Extreme weather induced by climate change has dire public health consequences, as heat waves threaten the vulnerable, storm runoff overwhelms city sewage systems and hotter summer days bake more pollution into asthma-inducing smog, scientists say.

The United States – to say nothing of the developed world – is unprepared for such conditions predicted by myriad climate models and already being seen today, warn climate researchers and public health officials.

"Climate change as it's projected will impact almost every aspect of public health, both in the developed world and – more importantly – in the developing world," said Michael McGeehin, director of the Environmental Hazards and Health Effects division at the Centers for Disease Control and Prevention.

"A flood is a major public health disaster," he added. "A flood takes us back to the 1890s as far as the public health system is concerned."

Last week, as the East Coast stewed its way through the first heat wave of the summer, researchers at Stanford University published a study suggesting exceptionally long heat waves and extreme temperatures could be commonplace in the United States within 30 years – sooner than expected.

"I did not expect to see anything this large within the next three decades," Noah Diffenbaugh, assistant professor of environmental Earth system science at Stanford and lead author of the study, said in a statement. "It was definitely a surprise."

The report was published in the journal Geophysical Research Letters.

Using some of the highest-resolution computer models to date, Diffenbaugh and Moetasim Ashfaq, a former Stanford postdoctoral researcher now at Oak Ridge National Laboratory, were able to simulate daily temperatures across small sections of the country.

They found an intense heat wave – equal to the longest on record from 1951 to 1999 – could hit western and central United States as many as five times between 2020 and 2029.

The study buttresses other recent findings concluding that the heat scorching the eastern United States last week – or that killed tens of thousands in Europe in 2003 – is likely to be the new norm.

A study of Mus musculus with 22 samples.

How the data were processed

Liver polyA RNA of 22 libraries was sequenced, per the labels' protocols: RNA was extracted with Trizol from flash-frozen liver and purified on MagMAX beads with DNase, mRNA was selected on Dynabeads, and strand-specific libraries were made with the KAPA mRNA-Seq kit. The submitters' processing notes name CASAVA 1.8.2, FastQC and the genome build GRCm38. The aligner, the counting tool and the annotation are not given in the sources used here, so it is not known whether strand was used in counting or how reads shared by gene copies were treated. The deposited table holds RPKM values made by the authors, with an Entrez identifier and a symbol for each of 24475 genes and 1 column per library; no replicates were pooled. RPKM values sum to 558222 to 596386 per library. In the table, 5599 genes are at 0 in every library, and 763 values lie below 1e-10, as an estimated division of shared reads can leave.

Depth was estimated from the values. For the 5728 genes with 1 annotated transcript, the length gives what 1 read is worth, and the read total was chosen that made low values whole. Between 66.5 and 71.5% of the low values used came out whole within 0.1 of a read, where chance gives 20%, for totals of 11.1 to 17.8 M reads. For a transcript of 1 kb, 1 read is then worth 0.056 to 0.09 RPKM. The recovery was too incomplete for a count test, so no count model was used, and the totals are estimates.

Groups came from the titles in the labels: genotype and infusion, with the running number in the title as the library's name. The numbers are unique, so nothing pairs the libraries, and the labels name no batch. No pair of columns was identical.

"The current state of heatwaves could be the harbinger of things to come," said David Easterling, a climatologist with the National Climatic Data Center.

And it's not just heat.

Easterling and McGeehin spoke at a briefing last week arranged by the Union of Concerned Scientists. Climate disruption, they said, is also bringing more floods and drought.

"A flood is a major public health disaster," McGeehin said. "A flood takes us back to the 1890s as far as the public health system is concerned."

There is, however, a silver lining: Tackling global warming is also a public health opportunity, said Jonathan Patz, director of global environmental health at the University of Wisconsin, Madison, who also participated in the UCS briefing.

Avoiding the worst of the heat waves, sewage overflows and droughts has obvious benefit, Patz said. But many climate mitigation efforts also bring health benefits: Using less fuel improves air quality; walking or biking to work reduces obesity.

Patz is in the process of quantifying those savings, but preliminary results suggest that if Americans could reduce their car travel by 20 percent – essentially not driving one day a week – the largest cities across the Midwest could save hundreds of lives, avoid hundreds of thousands of hospital admissions and trim several billion dollars from health care spending, he said.

"If you were to turn those trips into active transport – that is walking or biking – you could probably double those health care (savings)," he added.

This article originally appeared at The Daily Climate, the climate change news source published by Environmental Health Sciences, a nonprofit media company.